Vote yes for progress and the progressive majority

Social Liberal Forum's Dr. Prateek Buch argues that Yes to AV would benefit the progressive majority and democracy in general.

Two topical political issues – the imminent referendum on the alternative vote, and the Liberal Democrat action to have Andrew Lansley’s health reforms significantly amended – are intimately linked, but perhaps not in the way in which press commentary might suggest. Contrary to some opinion, it’s a Yes vote that would strengthen the Lib Dems’ position within this and any coalition and would bring far greater progressive influence to bear on government.

Arguing for the status quo; a first-past-the-post electoral system that returns a majority of MPs without majority support and gave rise to the abuse of expenses amongst other distortions, the No campaign cites FPTP’s supposed ability to deliver ‘strong government’.

Leave aside the fact that a plural political landscape delivered a coalition even under the current system, and picture today’s Conservatives in power on their own: no rise in the income tax threshold or capital gains tax; tax cuts for the rich; and of course Lansley’s unpopular and non-evidence based NHS reforms pushed through unaltered.

It’s coalition government that’s kept a check on the worst Tory tendencies, and given a chance for progressive policies to be put into place.

Beyond the immediate impact of the referendum’s result on the internal dynamics of the current coalition, we need to analyse which result would be favourable to delivering a progressive, centre-left agenda in the long run.

As Vince Cable made plain at the weekend, it’s clear that a plural, progressive alliance, largely reflecting the nation’s centre of political gravity, has been thwarted in recent years by FPTP. Successive governments – whether Blue or Red – have formed on the back of an electoral system that leaves many millions of people without an MP they support to any degree, and have enjoyed a virtually free hand in parliament to pursue policies that fail to enhance the interests of most of the electorate.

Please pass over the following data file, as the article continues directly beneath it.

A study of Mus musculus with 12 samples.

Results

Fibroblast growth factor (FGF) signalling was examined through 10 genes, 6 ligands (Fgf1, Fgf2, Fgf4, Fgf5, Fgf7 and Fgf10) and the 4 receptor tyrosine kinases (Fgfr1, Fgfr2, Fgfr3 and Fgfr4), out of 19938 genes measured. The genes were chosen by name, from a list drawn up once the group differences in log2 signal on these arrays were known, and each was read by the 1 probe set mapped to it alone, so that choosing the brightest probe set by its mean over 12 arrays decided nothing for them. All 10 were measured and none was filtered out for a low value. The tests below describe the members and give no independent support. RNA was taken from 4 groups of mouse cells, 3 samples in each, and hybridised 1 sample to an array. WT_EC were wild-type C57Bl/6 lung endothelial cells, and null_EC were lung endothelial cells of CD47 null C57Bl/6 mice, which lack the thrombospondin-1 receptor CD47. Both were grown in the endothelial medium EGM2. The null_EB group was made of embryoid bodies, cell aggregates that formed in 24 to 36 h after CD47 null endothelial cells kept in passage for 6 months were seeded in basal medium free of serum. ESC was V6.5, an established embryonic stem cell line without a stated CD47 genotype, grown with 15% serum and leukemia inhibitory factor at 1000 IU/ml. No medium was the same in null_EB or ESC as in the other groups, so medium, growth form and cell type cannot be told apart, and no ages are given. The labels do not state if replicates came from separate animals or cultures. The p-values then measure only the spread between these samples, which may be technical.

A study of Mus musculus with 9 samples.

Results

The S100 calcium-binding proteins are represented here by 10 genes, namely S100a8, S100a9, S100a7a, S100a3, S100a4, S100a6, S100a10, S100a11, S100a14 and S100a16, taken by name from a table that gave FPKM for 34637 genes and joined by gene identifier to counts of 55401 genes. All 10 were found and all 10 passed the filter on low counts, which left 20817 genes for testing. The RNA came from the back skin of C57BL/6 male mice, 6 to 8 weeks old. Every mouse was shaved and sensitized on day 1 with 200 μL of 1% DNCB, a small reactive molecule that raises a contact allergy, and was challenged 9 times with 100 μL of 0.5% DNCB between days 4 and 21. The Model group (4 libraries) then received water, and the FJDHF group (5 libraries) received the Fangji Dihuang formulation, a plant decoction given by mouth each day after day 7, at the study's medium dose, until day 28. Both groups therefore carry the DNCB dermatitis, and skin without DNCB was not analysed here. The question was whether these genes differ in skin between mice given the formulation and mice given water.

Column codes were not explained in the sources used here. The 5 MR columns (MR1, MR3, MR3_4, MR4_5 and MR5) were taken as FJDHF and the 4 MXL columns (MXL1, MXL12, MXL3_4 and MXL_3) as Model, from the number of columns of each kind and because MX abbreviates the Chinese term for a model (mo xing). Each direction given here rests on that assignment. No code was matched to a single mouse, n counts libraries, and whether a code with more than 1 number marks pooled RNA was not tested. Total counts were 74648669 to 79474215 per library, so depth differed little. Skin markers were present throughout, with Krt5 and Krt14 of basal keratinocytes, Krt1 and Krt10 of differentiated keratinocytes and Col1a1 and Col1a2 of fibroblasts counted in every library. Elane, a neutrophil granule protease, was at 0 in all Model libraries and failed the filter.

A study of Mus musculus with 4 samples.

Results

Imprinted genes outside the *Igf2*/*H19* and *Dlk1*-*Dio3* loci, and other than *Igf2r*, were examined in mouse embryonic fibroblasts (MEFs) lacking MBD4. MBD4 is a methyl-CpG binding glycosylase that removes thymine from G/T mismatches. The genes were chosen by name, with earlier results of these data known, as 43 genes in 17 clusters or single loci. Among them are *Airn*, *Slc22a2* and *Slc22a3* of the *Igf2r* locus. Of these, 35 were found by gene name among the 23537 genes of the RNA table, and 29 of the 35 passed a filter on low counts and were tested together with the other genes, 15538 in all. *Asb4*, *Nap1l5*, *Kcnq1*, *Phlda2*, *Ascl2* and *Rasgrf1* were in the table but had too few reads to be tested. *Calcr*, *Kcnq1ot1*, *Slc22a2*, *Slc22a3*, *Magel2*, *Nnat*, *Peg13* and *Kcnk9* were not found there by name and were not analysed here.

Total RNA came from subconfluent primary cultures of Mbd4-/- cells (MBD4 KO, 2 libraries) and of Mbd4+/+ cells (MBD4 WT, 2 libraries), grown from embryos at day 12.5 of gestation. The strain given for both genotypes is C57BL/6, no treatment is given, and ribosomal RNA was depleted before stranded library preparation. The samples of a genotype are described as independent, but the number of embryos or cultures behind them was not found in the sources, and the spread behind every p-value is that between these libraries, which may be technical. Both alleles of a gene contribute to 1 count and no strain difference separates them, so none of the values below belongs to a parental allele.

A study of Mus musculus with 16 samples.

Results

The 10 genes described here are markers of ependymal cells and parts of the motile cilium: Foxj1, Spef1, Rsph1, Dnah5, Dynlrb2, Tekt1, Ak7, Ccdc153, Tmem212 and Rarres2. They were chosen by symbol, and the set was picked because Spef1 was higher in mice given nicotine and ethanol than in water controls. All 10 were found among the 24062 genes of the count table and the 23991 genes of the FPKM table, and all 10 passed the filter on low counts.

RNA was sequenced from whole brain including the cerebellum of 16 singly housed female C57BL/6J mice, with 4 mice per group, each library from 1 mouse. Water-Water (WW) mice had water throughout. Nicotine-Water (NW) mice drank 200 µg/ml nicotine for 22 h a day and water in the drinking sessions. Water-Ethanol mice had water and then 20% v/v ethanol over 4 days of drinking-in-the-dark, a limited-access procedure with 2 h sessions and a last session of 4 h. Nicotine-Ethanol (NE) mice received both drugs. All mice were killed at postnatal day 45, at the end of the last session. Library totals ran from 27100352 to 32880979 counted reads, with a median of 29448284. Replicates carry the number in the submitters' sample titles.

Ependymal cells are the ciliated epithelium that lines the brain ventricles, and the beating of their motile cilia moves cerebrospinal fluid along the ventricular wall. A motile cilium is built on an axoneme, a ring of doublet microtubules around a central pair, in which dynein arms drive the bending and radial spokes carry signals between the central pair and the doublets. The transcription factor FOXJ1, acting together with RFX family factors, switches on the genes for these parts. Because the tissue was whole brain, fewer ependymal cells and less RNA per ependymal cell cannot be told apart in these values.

It’s time to bring the undemocratic farce that is FPTP to an end, and May 5th’s referendum is a once-in-a-generation opportunity to do so.

So would AV give us better government – would it lead to fewer fiascos like the current NHS reforms?

Of course the best way to have excellent progressive policies implemented is to have a majority government elected on such a platform – as Nick Clegg made clear in a keynote speech last week. Failing that, an electoral system that forces MPs to canvass broader support, that gives each voter at least some say in who represents them, and that makes plural government more likely, is a clear improvement over the status quo.

Not only would Conservatives find it harder to push through ideologically-driven market reforms to public services – the NHS reforms being an example – but Labour’s authoritarian streak would also be quietened. And not only in coalition – any majority government returned by AV would have to take a more considered approach to public policy, taking account of how it sustains broad cross-party consensus for its manifesto.

It might not be the ideal way of organising our national politics, but the alternative vote is undoubtedly a better way; in giving everyone more of a say in how the country is run, it makes shrill appeals to a minority of voters or vested interests less likely to win absolute power – and that can only be a good thing.